Inside Lenny D

March 5, 2014
By Abby Hellman

We all love to go watch Lenny Dee preform every term and laugh at the ridiculousness that the our own comedians come up with, but have you ever wondered what it takes to come up with those sketches? This is a behind the scenes look at the seven weeks of work that goes into Lenny Dee every term.

Every person that is in Lenny Dee fulfills the roles of a writer, editor and actor. There are no set writers; every person in the group is responsible for coming up with ideas for about forty sketches that are eventually weaned down to the sketches that we see on performance nights. It actually takes five of the seven weeks to come up with the sketches that will be preformed leaving the troupe only a week and a half to memorize all of their jokes and learn to deliver their jokes in a way that is endearing and does not distract from the actual sketch.

In order to do all of this is the little time before performances start Lenny Dee actually practices every night the week of the shows. A tradition that is fondly known as “hell week” because during this time when many of us are worrying about midterms the comedians are holding four to five hour practices from 8:00 p.m. until whenever the directors decide to call practices. “During hell week practice takes precedent over everything that is going on in your life no matter what that may be” said Laura Levitt a freshman who just preformed for the first time this winter.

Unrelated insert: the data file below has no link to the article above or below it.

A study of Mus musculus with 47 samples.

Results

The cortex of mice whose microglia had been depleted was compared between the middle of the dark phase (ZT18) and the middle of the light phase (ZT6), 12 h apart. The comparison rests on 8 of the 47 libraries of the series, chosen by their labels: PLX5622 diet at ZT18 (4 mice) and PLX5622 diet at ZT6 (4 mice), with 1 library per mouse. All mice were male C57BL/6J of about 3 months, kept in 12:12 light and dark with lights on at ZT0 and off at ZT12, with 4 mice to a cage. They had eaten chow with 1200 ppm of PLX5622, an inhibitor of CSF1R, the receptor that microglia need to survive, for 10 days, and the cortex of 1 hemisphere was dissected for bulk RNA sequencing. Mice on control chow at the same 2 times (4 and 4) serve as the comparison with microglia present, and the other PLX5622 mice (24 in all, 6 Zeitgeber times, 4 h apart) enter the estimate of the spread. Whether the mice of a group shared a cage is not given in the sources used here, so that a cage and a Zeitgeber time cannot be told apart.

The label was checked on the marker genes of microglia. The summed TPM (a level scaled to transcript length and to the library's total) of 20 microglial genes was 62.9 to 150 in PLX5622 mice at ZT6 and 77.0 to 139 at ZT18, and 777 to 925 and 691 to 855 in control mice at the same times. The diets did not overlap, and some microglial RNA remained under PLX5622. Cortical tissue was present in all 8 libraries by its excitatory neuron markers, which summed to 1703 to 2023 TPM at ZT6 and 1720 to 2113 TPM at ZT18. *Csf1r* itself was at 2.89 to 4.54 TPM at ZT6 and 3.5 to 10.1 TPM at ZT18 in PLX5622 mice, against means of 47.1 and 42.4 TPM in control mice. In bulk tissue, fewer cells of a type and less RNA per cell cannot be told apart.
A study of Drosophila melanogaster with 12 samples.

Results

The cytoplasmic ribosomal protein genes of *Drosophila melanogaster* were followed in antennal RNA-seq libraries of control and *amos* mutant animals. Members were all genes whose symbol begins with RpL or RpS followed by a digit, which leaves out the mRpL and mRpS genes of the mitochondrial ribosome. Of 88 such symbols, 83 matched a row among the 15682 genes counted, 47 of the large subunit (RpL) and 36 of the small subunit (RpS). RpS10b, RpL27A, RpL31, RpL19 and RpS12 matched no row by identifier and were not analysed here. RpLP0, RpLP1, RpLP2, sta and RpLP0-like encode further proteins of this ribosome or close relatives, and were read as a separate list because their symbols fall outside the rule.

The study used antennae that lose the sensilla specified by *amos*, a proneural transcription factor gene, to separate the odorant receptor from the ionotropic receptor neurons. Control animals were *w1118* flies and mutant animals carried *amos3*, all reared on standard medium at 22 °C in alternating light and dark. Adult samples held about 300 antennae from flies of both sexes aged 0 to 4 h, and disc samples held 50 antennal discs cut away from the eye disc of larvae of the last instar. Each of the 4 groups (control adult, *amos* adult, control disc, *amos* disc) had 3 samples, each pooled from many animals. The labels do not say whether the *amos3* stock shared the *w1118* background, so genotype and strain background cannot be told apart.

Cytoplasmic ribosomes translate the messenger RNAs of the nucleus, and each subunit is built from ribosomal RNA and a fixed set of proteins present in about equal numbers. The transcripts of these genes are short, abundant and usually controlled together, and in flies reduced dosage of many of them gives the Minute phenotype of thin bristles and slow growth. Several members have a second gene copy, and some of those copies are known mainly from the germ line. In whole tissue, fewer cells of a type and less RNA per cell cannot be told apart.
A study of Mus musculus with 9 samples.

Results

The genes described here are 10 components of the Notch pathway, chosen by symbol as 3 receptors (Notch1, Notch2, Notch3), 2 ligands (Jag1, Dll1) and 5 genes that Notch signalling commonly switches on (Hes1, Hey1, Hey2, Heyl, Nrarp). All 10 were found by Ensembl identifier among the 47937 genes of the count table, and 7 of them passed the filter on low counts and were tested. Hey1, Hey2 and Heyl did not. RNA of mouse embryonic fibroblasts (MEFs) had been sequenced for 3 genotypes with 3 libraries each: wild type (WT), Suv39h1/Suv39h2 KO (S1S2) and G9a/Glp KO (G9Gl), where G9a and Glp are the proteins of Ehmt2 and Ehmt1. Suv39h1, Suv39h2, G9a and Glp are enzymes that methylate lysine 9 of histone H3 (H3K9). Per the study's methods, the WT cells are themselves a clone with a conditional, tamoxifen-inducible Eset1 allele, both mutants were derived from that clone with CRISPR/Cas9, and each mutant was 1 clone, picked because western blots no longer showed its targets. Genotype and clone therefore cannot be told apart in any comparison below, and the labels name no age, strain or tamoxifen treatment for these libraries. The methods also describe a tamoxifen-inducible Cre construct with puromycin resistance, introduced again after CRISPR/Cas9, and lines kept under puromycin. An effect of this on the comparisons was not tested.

Changes are being made up until the night before the show, and depending on audience reaction the sketches are sometimes even tweaked between performances. So going to everyone of the shows can actually be a bit different. Also the energy of the crowd can very greatly effect the type of show. Thursdays tend to bring a much calmer, and more sober, crowd because obviously most people have class the next day. But, Friday and Saturday’s shows tend to have more people and they tend to be in a better mood, which in general means that the audience laughs more, which in turn means that the actors will probably preform with more energy as well.

Although, there are directors their main job is simply to facilitate and organize. Senior director Nona Schamus said “In Lenny Dee you are working with a group of the biggest personalities on campus, which is so much fun, but it is also a lot of work to get everyone organized and focused”. The directors have only as much say on the writing and editing process as any other member in the group and there is actually a vote to see which sketches make it into the final production. So the directors main jobs are to cast the sketches and to just make sure that everyone stays focused and that everyone is working well together.

With all this work the final product is usually fun and exciting to watch, but something that most people do not think about are the many sound and lighting effects that go into the show every term. There is no professional set crew; in fact, the people that do it are not even paid. Henry Gordon and Erik Madsen-Bond have been doing the show together for three years now and the job was actually passed onto them two seniors who had been doing the show since their freshman year.

The Monday of show week every term these two come in and get to work designing the show. “They come to us with a very loose plan of what kind of lighting and music that they want and we just keep tweaking until everyone is happy with the result” says Henry. Henry and Erik are there every term but because Erik is a senior there will actually be an opening next year to be the behind the scenes of Lenny Dee.

The performance this term as usual was filled with a variety of sketches that appealed to many different senses of humor and as always incorporated the Carleton quirk that we all know and love. But now having a behind the scenes look you can really appreciate everything that Lenny Dee does all in the name of comedy entertainment.